Book Review

Laser Material Processing, 3rd ed.

William M. Steen Springer-Verlag, London, Berlin, Heidelberg, 2003
408 pp. ISBN 1-85233-698-6

Reviewed by Anatoliy Bekrenev


A laser processing system closely resembles a generic machine tool, where energy is transferred to a material under some form of control. There are two major laser material processing applications: applications requiring delivery to the workplace of limited and well-controlled amounts of energy, and applications requiring a substantial amount of energy to induce required transformations. Materials to be treated can be of any hardness, plasticity, or brittleness. Yet, despite all the achievements in laser material processing, laser technologies are still in their infancy.

In Laser Material Processing, William M. Steen notes that a laser must be reasonably powerful for material processing, which reduces the number of eligible lasers (based on about 15,000 types of laser oscillations) to only a few gas lasers, solid-state lasers, and semiconductor lasers. CO2 lasers and Nd-YAG lasers, invented in 1964, are the most effective lasers for science and technology. These lasers are often used for various manufacturing processes and have the longest life. Steen points out that industrial lasers are effective for cutting, welding, surface heating, bending, melting, alloying, cladding, texturing, roughening, marking, cleaning, and so on. With the development of highly automated workstations with lasers—which cost less and are powerful, reliable, and compact—laser material processing is set to become the fashion of the next decade. To understand the capabilities and limitations of laser material processing, however, it is important to analyze the physical processes of the interaction between radiation and matter. These interactions are the basis for laser material processing applications. Unfortunately, the author does not discuss these interactions in depth, nor does he review materials science problems connected with laser reactions.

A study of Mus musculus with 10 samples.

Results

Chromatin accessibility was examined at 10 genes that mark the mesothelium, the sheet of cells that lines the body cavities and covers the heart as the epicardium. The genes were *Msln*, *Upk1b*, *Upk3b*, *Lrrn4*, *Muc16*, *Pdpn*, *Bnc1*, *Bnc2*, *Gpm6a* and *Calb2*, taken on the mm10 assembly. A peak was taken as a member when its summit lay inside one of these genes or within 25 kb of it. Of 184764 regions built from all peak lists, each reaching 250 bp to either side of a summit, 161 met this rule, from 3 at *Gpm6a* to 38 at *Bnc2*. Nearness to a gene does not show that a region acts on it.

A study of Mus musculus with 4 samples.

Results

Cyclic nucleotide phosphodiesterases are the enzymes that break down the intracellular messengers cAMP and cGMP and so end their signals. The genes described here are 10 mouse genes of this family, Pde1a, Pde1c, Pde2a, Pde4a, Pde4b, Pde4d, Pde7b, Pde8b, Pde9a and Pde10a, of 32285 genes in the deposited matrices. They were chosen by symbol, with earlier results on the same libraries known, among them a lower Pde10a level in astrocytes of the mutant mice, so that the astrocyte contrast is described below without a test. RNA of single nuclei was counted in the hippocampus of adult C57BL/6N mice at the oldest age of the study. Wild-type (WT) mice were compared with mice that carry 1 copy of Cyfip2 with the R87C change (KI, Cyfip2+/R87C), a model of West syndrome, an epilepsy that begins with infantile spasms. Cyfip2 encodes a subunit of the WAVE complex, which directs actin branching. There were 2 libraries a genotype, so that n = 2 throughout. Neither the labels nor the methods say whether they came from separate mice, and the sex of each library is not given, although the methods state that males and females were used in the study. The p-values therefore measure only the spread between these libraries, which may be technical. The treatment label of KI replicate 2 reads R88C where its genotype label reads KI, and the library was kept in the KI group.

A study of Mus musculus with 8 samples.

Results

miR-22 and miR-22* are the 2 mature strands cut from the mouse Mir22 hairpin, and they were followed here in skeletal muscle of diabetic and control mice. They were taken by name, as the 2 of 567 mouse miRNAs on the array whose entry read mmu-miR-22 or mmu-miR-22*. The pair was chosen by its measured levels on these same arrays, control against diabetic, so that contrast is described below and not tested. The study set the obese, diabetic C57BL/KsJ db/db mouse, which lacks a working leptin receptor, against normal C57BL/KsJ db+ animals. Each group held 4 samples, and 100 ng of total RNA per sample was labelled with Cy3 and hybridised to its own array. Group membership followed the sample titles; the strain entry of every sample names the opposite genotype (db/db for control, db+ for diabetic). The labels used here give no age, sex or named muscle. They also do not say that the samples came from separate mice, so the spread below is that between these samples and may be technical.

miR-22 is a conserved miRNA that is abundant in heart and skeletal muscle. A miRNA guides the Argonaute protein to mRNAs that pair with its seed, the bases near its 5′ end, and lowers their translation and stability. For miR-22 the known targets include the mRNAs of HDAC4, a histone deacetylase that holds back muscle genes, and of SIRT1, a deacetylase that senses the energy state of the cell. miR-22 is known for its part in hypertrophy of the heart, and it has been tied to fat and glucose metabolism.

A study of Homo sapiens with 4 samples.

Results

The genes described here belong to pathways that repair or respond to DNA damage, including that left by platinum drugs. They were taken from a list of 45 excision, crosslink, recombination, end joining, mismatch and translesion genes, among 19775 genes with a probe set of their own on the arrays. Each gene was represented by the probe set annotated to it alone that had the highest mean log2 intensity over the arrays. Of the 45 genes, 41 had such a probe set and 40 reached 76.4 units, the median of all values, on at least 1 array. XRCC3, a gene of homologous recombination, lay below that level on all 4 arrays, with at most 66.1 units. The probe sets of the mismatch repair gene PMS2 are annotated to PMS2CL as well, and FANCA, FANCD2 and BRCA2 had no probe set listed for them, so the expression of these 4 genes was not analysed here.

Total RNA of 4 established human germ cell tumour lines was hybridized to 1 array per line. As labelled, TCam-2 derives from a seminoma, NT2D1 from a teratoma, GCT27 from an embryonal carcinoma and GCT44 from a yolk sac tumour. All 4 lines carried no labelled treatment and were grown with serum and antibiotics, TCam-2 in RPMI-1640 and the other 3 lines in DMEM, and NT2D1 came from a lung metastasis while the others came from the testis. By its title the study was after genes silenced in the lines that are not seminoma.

Laser Material Processing is a clear and instructive textbook for students who will become the next generation of laser specialists, and it is a good source of updated knowledge for practicing engineers and technicians in optoelectronics, laser processing, materials treatment, and advanced manufacturing. The book also will be helpful as a reference source. The chapters are largely independent of one another, and a reader interested in only one topic may be satisfied by reading all or parts of the relevant chapter without going to other chapters. Well written, with many useful diagrams and examples of industrial applications, Steen’s book is a good guide in the field.


Anatoliy Bekrenev is a professor of physics at National American University in Bloomington, Minnesota. He is currently researching the structure and mechanical properties of materials subjected to laser reactions.